The Bromeliad exudes fun, dazzling colour and self-confidence. On the website you will find a range of interesting information, inspiration and tips. Below you will also find a number of the most frequently asked questions and answers. Can’t find your question? Ask your garden centre or florist for help.
Keep in a place with light but not full sun, water in the calyx now and then, no plant food necessary.
On average 3 to 6 months. A Bromeliad only flowers once.
The Bromeliad’s original habitats are located in Central and South America. Countless species in a rainbow of colours are still found growing wild there.
After flowering, new little plants will develop at the base of the original plant. Let them grow until they are half the size of the original plant. For two weeks, keep pouring water into their calyxes and then break the baby Bromeliads off carefully, preferably with roots. Pot up the young Bromeliads; they will be ready to flower in a year. Put a ripe apple into the calyx, cover the plant with a plastic bag, and close it. After three weeks, remove the plastic bag and the apple. In another eight to sixteen weeks, your new Bromeliad will be in bloom.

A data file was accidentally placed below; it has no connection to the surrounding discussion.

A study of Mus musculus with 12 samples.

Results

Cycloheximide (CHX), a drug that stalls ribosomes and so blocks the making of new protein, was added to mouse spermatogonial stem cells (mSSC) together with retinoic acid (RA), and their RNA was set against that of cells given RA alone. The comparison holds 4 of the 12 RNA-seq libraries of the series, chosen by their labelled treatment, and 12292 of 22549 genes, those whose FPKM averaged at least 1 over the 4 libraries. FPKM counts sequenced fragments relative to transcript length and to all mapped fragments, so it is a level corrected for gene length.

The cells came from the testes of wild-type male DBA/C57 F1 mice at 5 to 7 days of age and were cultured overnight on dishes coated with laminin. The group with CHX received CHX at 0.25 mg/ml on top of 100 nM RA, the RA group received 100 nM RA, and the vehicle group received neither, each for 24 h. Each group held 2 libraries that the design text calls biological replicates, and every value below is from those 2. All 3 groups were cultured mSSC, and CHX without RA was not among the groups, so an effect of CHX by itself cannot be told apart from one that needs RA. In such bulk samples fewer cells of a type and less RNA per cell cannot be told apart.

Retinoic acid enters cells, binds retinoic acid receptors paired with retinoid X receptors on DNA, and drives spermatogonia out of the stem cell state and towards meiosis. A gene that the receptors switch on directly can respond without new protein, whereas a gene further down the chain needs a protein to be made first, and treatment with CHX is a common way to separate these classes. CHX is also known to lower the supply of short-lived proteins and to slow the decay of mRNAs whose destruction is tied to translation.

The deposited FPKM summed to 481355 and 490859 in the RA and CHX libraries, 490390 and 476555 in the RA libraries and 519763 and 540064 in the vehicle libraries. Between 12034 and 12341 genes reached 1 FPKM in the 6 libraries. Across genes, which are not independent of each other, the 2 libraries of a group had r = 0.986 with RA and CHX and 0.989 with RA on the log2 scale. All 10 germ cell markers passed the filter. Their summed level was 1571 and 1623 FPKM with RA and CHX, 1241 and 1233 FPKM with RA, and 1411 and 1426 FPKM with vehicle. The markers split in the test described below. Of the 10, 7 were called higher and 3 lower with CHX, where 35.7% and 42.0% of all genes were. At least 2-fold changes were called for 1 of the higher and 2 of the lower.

You can definitely take your Bromeliad outside, but not when in frosty weather. Wait until it’s 15°C / 59°F or more. Do not place the plant in the sun; a shady spot is fine. Varieties particularly good for taking outside are: Aechmea, Billbergia, Ananas, Neoreglia and Tillandsia.
All year. Some varieties (see above) can be put outside during the summer.
Yes, but avoid intense lighting and remember that salamanders, poison dart frogs and other reptiles will like to nibble on their leaves.
Yes, indeed. Dutch and Belgian Bromeliad growers purify and recycle their water and use only safe products for crop protection and fertilising. A computer efficiently manages the greenhouse climate to keep it within optimal limits.
The name ‘Bromeliad’ refers to the name of the family; the names ‘Guzmania’ and ‘Vriesea’ refer to two of the genera (singular: genus) within the Bromeliad Family (others being Aechmea and Ananas).
There are around 2800 species growing in the wild and approximately 250 more varieties have been developed by breeding efforts. The wild species are not offered for sale.
They may look pretty enough to eat but they are not suitable for consumption.